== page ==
Centered by the arms of the illustrious Acciaiuoli family, this impressive stemma is both emblematic of their Florentine legacy and exemplary of the Della Robbia production. Stemmi, coats of arms surrounded by floral garlands or inscriptions, were created to adorn the façades, courtyards and ceilings of important Renaissance buildings in which the requisite family or organization was active. They can still be found throughout Italy, and have served as lasting records of civil and political activity.
From the first generation onwards, the Della Robbia dynasty of Florentine sculptors and their workshops created stemmi, and today these form a significant aspect of their extant oeuvres. Notable examples include Lucca Della Robbia's famed stemma of the Mercanzia (1463) on the façade of Orsanmichele in Florence, and Andrea Della Robbia's stemma of the Della Stufa Family in the Palazzo Stufa (c. 1478), which, like the present example, depicts a rampant lion surrounded by a fruit and foliage-entwined wreath (illus. A. Marquand, Robbia Heraldry, New York, 1972, p. 37, no. 34, fig. 33). Under Giovanni's leadership, production of stemmi in the family's Via Guelfa atelier flourished. His output is noted for its colorful glazes - a reflection of his interest in contemporary Florentine painting - and it is primarily on this basis that the present stemma can be attributed to Giovanni's workshop and distinguished from those of his ancestors and siblings.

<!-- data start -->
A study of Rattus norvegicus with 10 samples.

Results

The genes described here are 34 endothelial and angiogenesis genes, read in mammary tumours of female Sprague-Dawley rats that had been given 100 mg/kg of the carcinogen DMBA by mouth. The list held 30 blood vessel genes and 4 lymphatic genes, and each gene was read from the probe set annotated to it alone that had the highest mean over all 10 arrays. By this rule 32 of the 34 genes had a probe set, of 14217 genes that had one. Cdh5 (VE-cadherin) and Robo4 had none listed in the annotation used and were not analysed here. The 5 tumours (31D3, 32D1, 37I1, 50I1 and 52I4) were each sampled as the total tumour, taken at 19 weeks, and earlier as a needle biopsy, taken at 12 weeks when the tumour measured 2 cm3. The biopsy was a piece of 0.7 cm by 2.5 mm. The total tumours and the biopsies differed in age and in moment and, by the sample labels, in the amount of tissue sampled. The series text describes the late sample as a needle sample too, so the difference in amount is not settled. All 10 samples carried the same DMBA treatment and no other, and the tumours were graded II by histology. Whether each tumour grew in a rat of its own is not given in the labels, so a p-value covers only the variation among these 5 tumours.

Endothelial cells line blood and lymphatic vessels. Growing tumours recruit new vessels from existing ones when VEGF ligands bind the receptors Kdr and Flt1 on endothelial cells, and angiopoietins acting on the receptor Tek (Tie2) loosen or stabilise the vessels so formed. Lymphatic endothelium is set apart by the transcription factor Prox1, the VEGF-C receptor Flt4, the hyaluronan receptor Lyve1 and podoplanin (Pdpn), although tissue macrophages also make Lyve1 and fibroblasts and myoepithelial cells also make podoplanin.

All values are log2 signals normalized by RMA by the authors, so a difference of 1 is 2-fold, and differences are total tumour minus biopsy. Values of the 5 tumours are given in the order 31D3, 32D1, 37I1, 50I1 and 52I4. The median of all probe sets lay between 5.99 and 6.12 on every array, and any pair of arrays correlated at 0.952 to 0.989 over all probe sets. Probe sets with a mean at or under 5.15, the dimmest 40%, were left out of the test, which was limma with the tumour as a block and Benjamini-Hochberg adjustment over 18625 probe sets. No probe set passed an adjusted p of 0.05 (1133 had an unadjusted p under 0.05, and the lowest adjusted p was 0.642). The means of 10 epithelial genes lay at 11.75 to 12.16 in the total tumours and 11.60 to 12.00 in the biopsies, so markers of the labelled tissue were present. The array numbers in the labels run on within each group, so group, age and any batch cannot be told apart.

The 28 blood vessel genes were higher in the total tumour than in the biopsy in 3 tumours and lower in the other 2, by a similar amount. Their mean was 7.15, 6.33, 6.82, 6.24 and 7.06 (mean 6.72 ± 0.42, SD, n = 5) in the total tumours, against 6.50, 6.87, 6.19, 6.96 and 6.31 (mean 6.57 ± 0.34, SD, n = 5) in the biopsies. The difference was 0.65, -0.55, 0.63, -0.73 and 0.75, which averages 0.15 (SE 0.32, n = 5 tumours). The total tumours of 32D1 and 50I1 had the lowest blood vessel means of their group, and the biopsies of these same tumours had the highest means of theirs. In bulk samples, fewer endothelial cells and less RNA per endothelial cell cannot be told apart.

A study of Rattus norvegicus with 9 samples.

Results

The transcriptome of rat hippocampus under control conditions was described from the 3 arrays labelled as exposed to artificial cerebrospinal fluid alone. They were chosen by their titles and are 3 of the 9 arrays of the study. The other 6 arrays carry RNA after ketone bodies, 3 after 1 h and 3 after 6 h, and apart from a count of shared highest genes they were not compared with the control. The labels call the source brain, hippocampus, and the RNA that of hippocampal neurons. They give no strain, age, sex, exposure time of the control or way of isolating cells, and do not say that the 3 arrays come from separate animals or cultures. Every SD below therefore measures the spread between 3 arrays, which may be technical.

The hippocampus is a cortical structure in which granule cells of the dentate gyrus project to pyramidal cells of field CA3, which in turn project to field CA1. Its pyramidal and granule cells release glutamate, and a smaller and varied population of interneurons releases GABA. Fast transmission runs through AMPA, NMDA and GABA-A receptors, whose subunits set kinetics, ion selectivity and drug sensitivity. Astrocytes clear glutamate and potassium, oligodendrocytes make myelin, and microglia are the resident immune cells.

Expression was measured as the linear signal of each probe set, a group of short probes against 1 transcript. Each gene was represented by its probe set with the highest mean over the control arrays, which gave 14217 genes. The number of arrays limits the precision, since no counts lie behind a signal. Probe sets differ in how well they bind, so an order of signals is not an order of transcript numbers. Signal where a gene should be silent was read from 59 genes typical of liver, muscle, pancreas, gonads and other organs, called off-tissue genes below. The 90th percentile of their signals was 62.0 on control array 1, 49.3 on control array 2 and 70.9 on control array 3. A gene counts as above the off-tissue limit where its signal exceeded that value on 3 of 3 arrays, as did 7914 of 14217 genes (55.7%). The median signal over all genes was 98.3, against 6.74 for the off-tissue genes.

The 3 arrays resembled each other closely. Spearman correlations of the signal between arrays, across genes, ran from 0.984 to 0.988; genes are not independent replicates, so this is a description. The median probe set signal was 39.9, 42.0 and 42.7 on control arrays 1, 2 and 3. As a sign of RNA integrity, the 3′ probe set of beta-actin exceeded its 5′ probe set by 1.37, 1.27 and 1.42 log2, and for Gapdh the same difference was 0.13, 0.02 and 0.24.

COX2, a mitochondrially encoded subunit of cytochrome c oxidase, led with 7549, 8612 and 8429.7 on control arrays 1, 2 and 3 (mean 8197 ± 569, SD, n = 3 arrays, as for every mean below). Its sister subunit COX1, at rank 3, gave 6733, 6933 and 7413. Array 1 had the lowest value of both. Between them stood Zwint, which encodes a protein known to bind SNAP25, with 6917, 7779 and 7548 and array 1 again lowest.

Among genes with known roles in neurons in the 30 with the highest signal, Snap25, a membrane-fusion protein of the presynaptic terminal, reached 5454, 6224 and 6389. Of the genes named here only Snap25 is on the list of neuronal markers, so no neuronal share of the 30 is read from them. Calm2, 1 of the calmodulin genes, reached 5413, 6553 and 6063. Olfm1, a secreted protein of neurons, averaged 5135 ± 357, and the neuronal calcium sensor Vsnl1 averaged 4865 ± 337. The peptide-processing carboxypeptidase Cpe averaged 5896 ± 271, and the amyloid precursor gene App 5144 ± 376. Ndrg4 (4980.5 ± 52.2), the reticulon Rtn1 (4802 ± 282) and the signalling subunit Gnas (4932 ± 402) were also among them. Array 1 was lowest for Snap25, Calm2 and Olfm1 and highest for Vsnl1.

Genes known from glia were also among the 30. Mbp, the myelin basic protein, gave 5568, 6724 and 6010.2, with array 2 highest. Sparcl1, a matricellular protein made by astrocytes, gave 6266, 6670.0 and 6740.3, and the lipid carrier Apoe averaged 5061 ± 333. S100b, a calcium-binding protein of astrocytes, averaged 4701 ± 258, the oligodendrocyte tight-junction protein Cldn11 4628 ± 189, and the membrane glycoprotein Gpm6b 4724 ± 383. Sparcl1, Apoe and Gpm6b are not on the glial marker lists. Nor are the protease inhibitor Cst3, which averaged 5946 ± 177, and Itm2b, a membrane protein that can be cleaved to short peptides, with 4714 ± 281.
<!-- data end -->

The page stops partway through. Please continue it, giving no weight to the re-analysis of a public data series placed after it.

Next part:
The Acciaiuoli are first recorded in Florence in the 12th century, and were initially active in banking, establishing an empire that spanned the Italian peninsula and stretched into Greece. Subsequent generations formed close alliances with the Medici family, which afforded them important civic and ecclesiastical appointments. Their landholdings were widespread, including a group of properties on the eponymous Lungarno degli Acciaiuoli in the shadows of the Ponte Vecchio. Owing to these assets, and to their elevated status, the present stemma could have been created for any number of prominent Florentine locales. The family's coat of arms - representing a rampant lion - also appears on either side of the predella of a Della Robbia altarpiece (c. 1497) in the family's chapel in the Florentine church of SS. Apostoli (see A. Marquand, op. cit. p. 111-112, no. 134, fig. 109), a connection that is not surprising given the impact of both dynasties on the city of Florence.
The present lot is accompanied by a thermoluminescence test stating the terracotta was fired in the 16th century.